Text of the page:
RANCHI : Jharkhand CM Raghubar Das has said that his government was working on a Trust to make corporate social responsibility (CSR) activities of private and public enterprises in the state more transparent, time-bound and convergent with government schemes.
Speaking at the The Telegraph’s Caring Jharkhand: A CSR Conclave 2015, a daylong event held at a well-known city hotel, the chief minister stressed on result-oriented activities and added that they would soon send formal letters on the Trust to corporate and public sector units.
“The purpose of the Trust isn’t to ask companies for money or bank details but genuine intentions of your financial commitment towards CSR in Jharkhand. Please have no confusion or apprehension. According to norms, every company has to spend 2 per cent of their earnings on CSR. All we want to know is the actual amount proposed and timeframe for work. In a democracy, people have the right to know. Depending on your key areas of commitment, the government may also supplement them with schemes,” Das said, thanking The Telegraph for taking the lead to churn positive debate on socio-economic development.
The chief minister stressed the state Trust was important to usher in convergence in social spending.
“Despite so many years of Independence, many villages still lack clean drinking water. Government and private entities working in isolation can’t beat these problems. There is need for total commitment across the board,” he said. The high-powered event started at 11am when chief minister Das, The Telegraph resident editor Shantanu Datta and guests lit the ceremonial lamp.
Datta also moderated a vibrant panel discussion on corporate responsibility towards the state. Panellists comprised DVC chairman Andrew W.K. Langstieh, HEC CMD Avijit Ghosh, Medica Group of Hospitals chairman Alok Roy, CMPDI’s CMD A.K. Debnath, Maithon Power CEO K. Chandrashekhar, SAIL’s Bokaro Steel Limited CEO Anutosh Maitra, Devkamal Hospital & Research Centre CEO Anant Sinha and Unicef (Jharkhand) chief Job Zachariah. The event’s second half had presentations of Central Coalfields Limited, Damodar Valley Corporation (DVC), Whiz Mantra, SAIL (Bokaro Steel Limited), Maithon Power Limited (a joint venture between Tata Power and DVC), Medica and Devkamal hospitals. A lively Q&A session wrapped up the proceedings. Opening the panel discussion, DVC chairman Langstieh highlighted their social uplift programmes across 337 villages, including those in Koderma, Hazaribagh, Bokaro and Dhanbad.
“We tuned our CSR into multi-pronged approach,” he said, citing primary education and healthcare, community health via mobile healthcare, fishery and poultry training, construction of household toilets and roads as focus areas. “We provide water to about 1.55 lakh people, some 60,000 local students are enrolled in schools, 6,000 trained in vocation skills, about 3 lakh treated at our hospitals.
“We want to do more,” he said, acknowledging the chief minister’s move to set up a Trust. “The government has the right to ask for outcomes,” he asserted
HEC CMD Ghosh spoke on skill-building initiatives for tribal youths such as technical and nursing training and health services for the displaced. “In five years, we want to train 10,000 youths in various capacities for which we want support from the government. We also want to open a medical college,” he said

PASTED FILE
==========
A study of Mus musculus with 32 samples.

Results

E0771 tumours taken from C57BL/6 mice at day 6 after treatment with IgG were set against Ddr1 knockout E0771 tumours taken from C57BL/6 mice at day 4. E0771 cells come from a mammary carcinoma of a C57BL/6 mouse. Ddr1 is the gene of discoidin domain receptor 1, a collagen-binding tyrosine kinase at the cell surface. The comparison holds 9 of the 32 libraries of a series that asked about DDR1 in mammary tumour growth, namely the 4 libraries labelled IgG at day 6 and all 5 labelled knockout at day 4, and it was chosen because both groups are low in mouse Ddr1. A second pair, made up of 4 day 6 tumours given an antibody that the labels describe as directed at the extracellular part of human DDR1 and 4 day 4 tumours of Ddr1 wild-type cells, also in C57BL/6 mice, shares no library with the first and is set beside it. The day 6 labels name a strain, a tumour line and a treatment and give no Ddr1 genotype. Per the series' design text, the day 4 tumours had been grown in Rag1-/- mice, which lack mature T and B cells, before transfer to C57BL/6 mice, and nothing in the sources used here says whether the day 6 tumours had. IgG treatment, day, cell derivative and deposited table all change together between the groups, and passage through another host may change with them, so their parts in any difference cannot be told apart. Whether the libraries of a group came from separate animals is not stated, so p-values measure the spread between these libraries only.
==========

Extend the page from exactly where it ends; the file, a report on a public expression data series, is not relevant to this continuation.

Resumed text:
Medica chairman Alok Roy said they were operating in Jharkhand with a vision to curb fatalities and disabilities related to road accidents.
“No one should have to go out of state for superspeciality treatment. We have all facilities here. Just give us the medicine cost, we will treat 100 patients in the state free of cost,” Roy told chief minister Das. “We are soon coming up with our nurses’ training in Bokaro.”
“I want to assure CM sir that if we make any profit, we will invest it back in Jharkhand for next 20 years. We are ready to take up urban and lake beautification. If you have any plans, please give them to us and we will run them on a no-profit, no-loss basis,” Roy stressed.
CMPDI’s chairman-cum-managing director Debnath also assured the state of their full support. “We are coming up with adivasi schools at Godda and Kanke. Recently, we extended financial help to the KC Roy Memorial Hospital in Ranchi. We are ready to partner with the state on CSR work.”
Devkamal Hospital & Research Centre’s chief executive officer Anant Sinha, who is a pioneer of Smile Train Project, called for greater support for people suffering burn deformities. “In CSR, we need to focus on R (responsibility) the most. If six are benefited, papers end up showing 60 or even 120. That can be curbed only if we work among the target audience and not make plans sitting in air-conditioned offices,” Sinha said.
Making his suggestions, he said: “Rather than making new schools, funds could help make existing ones function better. For example, you can free schoolteachers from the khichdi-making business by taking over the midday meal.”
Maithon Power Ltd’s CEO K. Chandrashekhar said they were undertaking a survey of school dropouts of up to 35 years of age. “We are focussing on people to reconnect them with education or skill building. Education and sustainable income generation are some of our key CSR areas,” he said. Bokaro steel plant CEO Anutosh Maitra conceded survey-based focussed spends led to a “result-oriented CSR output”. “Two years ago, we got baseline survey done in our area on various parameters before rolling out need-based schemes. It worked well,” he said. Unicef (Jharkhand) chief Job Zachariah stressed on “realistic developments” and asserted the need for every stakeholder to be in the loop to promo te clarity and prevent duplication.